PRYSE Reports on Progress in Rockaways
By Miriam Rosenberg
PRYSE (Project for Rock away Youth in Safety and Education) celebrated the conclusion of its three-year, $8.4 million grant with a report to the community on February 27 at the Penin sula Health Center.
PRYSE began its work in 1999 when a coalition of community and faith-based non-profit groups got to gether and submitted a winning proposal for a federal grant from the Safe Streets/Healthy Students initiative. Commun ity School District 27 received the money on behalf of PRYSE, and the Joseph P. Addabbo Family Health Center manages the program.
The program’s original aim was to reduce and prevent youth violence and strengthen the families of the Rock aways. Michelle Ronda of Baruch Coll ege (which did the evaluation report) explained some of the work that PRYSE has done over the years.
"There are some encouraging trends we discovered over the three year period of PRYSE," said Ronda, of the report’s findings for June 2000 to May 2003. "[There’s been] a drop in crime [in the Rockaways], an increasing sense of improvement in the problem of youth violence and substance abuse in the Rockaways, an increase of children and teens involved in summer and after-school programs and an increase in parental involvement in schools over time.
"The coalition itself [that makes up PRYSE] is one of the biggest outcomes. It’s impressive to have these groups, especially funded and non-funded part ners, coming together so consistently with so much devotion over the last three years."
Ronda also said that the coalition that makes up PRYSE has brought in additional grants worth $3.4 million.
Most of the original grant money went for school-based or after-school programs. There have been 40 programs impacting children and families during the past three years.
PRYSE has also found the flexibility to come to the aid of the community when necessary.
"When a young man was shot and killed in the Rockaways several years ago, the community came together to share their grief and decide what they wanted to do," Ronda reported. "One of the things that came up in these community town hall meetings that were held, is the need for grief counseling."
In the wake of the World Trade Center attacks and the crash of Flight 587, PRYSE provided grief counseling to those who needed it.
In June 2002, PRYSE came together with Rockaway’s Children’s Network to educate the community though a conference about domestic violence and how it affects children and families.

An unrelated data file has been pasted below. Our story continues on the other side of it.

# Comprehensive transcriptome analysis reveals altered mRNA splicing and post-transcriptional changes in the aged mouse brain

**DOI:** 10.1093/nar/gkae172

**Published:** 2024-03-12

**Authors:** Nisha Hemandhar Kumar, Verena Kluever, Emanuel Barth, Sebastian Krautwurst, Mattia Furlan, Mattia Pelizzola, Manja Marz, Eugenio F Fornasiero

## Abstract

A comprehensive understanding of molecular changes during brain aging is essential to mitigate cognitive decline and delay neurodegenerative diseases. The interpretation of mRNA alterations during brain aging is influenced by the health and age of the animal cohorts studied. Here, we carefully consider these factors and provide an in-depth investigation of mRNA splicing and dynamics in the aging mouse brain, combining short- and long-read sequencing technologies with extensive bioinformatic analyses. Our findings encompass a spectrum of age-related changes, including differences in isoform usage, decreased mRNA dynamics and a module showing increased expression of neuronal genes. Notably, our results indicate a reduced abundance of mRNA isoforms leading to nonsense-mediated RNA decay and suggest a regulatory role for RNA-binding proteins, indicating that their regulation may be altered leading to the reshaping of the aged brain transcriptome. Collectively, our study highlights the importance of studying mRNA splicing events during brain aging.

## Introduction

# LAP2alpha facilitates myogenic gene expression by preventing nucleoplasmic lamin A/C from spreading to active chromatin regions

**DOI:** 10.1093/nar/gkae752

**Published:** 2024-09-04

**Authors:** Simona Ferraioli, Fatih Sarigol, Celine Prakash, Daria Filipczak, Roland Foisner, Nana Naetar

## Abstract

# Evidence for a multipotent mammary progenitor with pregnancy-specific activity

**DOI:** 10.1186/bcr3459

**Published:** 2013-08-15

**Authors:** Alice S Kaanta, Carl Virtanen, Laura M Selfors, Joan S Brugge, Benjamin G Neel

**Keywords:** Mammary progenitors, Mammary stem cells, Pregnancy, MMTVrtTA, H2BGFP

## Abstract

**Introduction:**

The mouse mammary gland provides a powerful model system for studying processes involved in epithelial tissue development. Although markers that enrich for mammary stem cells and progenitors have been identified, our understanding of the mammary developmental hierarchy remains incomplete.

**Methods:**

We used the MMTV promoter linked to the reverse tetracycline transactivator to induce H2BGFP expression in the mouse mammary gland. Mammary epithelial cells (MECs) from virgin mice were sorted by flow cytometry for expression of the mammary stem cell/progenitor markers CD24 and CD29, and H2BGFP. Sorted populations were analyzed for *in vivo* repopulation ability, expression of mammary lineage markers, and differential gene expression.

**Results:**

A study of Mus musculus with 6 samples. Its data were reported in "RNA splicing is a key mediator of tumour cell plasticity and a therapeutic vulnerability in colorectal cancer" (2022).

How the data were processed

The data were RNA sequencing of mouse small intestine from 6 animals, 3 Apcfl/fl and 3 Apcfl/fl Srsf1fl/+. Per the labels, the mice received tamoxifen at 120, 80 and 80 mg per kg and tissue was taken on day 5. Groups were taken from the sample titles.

For the last two years, PRYSE has joined Weed and Seed, the Joseph P. Addabbo Health Center and the NYPD in sponsoring a Multicultural Festival that has annually drawn approximately 1,500 people.
Queens DA Richard Brown and Region 5 Superintendent Dr. Kathleen Cashin were guest speakers. The Queens District Attorney’s Office and Community School Board 27 (now part of Region 5) are partners in PRYSE.
"[PRYSE] brings together a diverse partnership who share a number of common goals," said Brown, who said that everyone is committed to education being the key to stop violence and keep neighborhoods safe. "Our commitment is to move forward and help our kids."
Cashin thanked Brown and his office for the work they do with PRYSE.
"I’ve met with [DA Brown] personally, and he’s never to busy to meet with us," said Cashin. "It’s wonderful programs he offers our children."
Among the PRYSE programs the DA’s office is involved in are STAR TRACK, The Summer Youth Employ ment Program and Operation Sum mer Fun.
The grant ends in May, but the extra $3.4 million in grants PRYSE has received allows it to continue.
"As long as we’re able to maintain the PRYSE committee and the management as the foundation, our partners might change but we can continue the effort of bringing in new people, going after new grants and addressing new risk issues," said Fern Zagor, PRYSE’s Project Manager.
Also attending the PRYSE Report To The Community were State Assembly woman Audrey Pheffer, State Senator Malcolm Smith and the District Man ager for Community Board 14, Jona than Gaska.